March 12, 2015
It’s the mantra being chanted over and over again by payers, policy makers, and patients. It’s a laudable goal—one that I believe will ultimately be achievable—but one that raises more thorny questions than answers. What exactly is value? How do we measure it? And, what’s the best way to reward it?
Whether we like it or not, the value train has left the station. Get on it, or get run over.
The National Commission on Physician Payment Reform blames our current transaction-based reimbursement system for many of healthcare’s woes: “Our nation cannot control runaway medical spending without fundamentally changing how physicians are paid.” Their solution: do away with fee-for-service as we know it, and transition to new delivery and payment models by 2018. I personally don’t think that’s an achievable timetable, but the recommendations of this austere panel are gaining traction.
In a bold announcement earlier this year, Health and Human Services Secretary Sylvia Burwell echoed that message, and escalated the sense of urgency: “Our target is to have 30% of Medicare payments tied to quality or value…by the end of 2016, and 50% of payments by the end of 2018.” Those are awfully ambitious goals—particularly for a system that hasn’t yet agreed on reproducible and robust definitions of quality and value.
So, what is value? Quite simply, it’s quality divided by cost. We just need to improve quality and reduce cost—at the same time. Simple enough, right? No devils at all in those details.
How do we do that when we can’t even agree on what constitutes quality? In a study just published in Health Affairs looking at commonly used hospital ratings services, Austin et al found no concordance between those various rankings. Many hospitals rated as high performers by Leapfrog were rated as low performers by US News and World Report. And the same ratings variability extends to HealthGrades and Consumer Reports. And so, while the work of each of those ratings groups is laudable and individually defensible, who shall we believe? The cynical me, of course, wants my health system’s value-based payments decided by the group that rates us highest.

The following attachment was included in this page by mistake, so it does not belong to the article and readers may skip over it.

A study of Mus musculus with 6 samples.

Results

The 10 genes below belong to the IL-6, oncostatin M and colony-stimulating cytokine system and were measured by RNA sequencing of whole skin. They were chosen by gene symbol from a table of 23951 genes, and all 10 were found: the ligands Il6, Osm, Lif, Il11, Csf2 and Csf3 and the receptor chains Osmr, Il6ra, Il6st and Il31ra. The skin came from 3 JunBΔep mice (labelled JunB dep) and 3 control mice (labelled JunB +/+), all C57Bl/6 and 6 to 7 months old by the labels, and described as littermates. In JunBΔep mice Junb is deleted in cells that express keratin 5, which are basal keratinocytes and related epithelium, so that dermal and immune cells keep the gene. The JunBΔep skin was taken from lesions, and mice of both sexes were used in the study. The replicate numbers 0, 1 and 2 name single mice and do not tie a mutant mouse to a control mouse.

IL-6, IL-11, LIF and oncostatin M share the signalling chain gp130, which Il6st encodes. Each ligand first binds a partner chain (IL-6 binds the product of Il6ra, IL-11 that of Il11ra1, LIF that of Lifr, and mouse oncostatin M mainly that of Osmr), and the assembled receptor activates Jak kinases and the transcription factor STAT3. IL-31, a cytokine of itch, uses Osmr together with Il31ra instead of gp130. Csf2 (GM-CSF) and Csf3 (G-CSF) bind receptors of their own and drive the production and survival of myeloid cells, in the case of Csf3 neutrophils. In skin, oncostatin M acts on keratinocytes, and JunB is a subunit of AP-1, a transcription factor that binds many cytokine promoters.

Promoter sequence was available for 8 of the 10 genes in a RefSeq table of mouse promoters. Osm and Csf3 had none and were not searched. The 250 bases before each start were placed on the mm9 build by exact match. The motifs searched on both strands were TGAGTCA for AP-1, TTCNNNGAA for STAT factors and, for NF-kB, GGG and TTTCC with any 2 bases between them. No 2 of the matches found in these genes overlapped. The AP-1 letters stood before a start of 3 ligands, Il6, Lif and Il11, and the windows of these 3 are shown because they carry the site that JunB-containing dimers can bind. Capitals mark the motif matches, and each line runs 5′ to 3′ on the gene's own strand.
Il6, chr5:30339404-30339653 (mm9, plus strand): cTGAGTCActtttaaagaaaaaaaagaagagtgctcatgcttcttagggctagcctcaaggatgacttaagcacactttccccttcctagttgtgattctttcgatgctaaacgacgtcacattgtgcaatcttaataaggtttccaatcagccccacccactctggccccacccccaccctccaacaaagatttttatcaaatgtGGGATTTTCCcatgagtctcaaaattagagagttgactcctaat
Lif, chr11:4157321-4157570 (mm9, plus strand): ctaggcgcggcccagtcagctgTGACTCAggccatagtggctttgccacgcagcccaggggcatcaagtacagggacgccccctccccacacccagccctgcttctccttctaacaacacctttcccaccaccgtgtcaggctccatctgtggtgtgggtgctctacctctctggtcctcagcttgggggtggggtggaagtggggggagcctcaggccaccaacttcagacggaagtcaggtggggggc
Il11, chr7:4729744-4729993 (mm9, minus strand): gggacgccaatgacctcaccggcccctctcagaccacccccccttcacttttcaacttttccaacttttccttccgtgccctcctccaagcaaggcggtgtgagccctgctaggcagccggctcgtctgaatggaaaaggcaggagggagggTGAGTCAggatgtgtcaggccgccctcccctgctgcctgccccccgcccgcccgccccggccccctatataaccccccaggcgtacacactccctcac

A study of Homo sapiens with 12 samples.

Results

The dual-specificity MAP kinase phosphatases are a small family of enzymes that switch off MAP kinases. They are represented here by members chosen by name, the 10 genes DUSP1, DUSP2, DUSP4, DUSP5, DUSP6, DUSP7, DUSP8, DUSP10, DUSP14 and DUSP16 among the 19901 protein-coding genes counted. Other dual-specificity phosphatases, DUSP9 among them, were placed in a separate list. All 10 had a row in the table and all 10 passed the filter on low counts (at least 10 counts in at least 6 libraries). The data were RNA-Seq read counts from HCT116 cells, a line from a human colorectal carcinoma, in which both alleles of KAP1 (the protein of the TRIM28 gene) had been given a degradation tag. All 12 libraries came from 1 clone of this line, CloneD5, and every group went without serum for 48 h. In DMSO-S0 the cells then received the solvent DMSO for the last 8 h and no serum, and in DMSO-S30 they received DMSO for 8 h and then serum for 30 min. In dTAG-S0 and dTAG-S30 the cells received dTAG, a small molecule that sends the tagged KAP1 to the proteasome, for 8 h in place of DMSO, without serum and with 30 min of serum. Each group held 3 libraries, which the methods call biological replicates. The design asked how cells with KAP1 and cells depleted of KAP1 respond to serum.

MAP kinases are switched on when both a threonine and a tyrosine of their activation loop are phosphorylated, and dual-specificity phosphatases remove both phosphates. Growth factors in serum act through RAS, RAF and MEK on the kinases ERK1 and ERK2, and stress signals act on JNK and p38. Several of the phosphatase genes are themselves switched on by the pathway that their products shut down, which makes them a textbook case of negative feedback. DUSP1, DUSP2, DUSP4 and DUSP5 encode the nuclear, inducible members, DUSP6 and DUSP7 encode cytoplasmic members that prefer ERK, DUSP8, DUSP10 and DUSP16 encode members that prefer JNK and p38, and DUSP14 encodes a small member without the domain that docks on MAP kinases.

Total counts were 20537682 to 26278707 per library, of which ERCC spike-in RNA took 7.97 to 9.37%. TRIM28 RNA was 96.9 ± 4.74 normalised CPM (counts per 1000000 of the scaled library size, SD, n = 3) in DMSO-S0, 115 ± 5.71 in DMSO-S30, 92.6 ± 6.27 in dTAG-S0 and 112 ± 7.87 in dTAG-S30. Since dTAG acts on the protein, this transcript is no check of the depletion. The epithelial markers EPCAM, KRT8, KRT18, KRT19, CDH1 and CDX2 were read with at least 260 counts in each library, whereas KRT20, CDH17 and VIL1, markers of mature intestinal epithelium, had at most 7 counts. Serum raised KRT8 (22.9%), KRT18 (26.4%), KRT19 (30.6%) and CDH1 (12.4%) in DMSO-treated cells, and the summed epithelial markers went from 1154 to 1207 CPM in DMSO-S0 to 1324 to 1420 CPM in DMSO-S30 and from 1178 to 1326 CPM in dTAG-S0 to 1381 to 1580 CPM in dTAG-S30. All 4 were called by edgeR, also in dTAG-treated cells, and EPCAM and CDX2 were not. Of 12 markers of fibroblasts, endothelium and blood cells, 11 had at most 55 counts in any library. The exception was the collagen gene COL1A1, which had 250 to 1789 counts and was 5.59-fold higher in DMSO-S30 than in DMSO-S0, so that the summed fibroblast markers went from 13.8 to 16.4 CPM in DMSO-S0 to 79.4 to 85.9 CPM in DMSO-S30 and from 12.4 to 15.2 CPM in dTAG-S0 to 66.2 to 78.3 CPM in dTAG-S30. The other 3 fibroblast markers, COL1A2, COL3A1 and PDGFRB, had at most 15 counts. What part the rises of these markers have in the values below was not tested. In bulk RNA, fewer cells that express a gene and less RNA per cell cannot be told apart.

Rating individual physicians is equally difficult. Patient satisfaction is being touted as a key and historically overlooked metric, but it often correlates poorly with more widely accepted and objective measures of quality. And, medical imaging has more than its share of challenges. Right now, Medicare’s Physician Quality Reporting System is one of the few platforms rating radiologists nationwide. But, few radiologists are successfully participating. Perhaps more importantly, most radiologists (and non-radiologists alike) don’t think that those metrics have any meaningful impact on patient outcomes. But, it’s really the only system in place right now for quality-based physician payments.
So, should we just throw up our hands in despair? I think not. While a rigorous and robust definition of value remains elusive, the ongoing quest is a noble one—and one that will ultimately and iteratively bear fruit. But, waiting for legislators and regulators to alone offer solutions is not the way to go.
Real innovation will only come from the ground up—from doctors and nurses and patients, and everyone else in the trenches. Smart policy makers will listen carefully to those really in the know, and respond accordingly. Ultimately, the best definitions of value will come from invested and knowledgeable stakeholders committed to the belief that we can do better.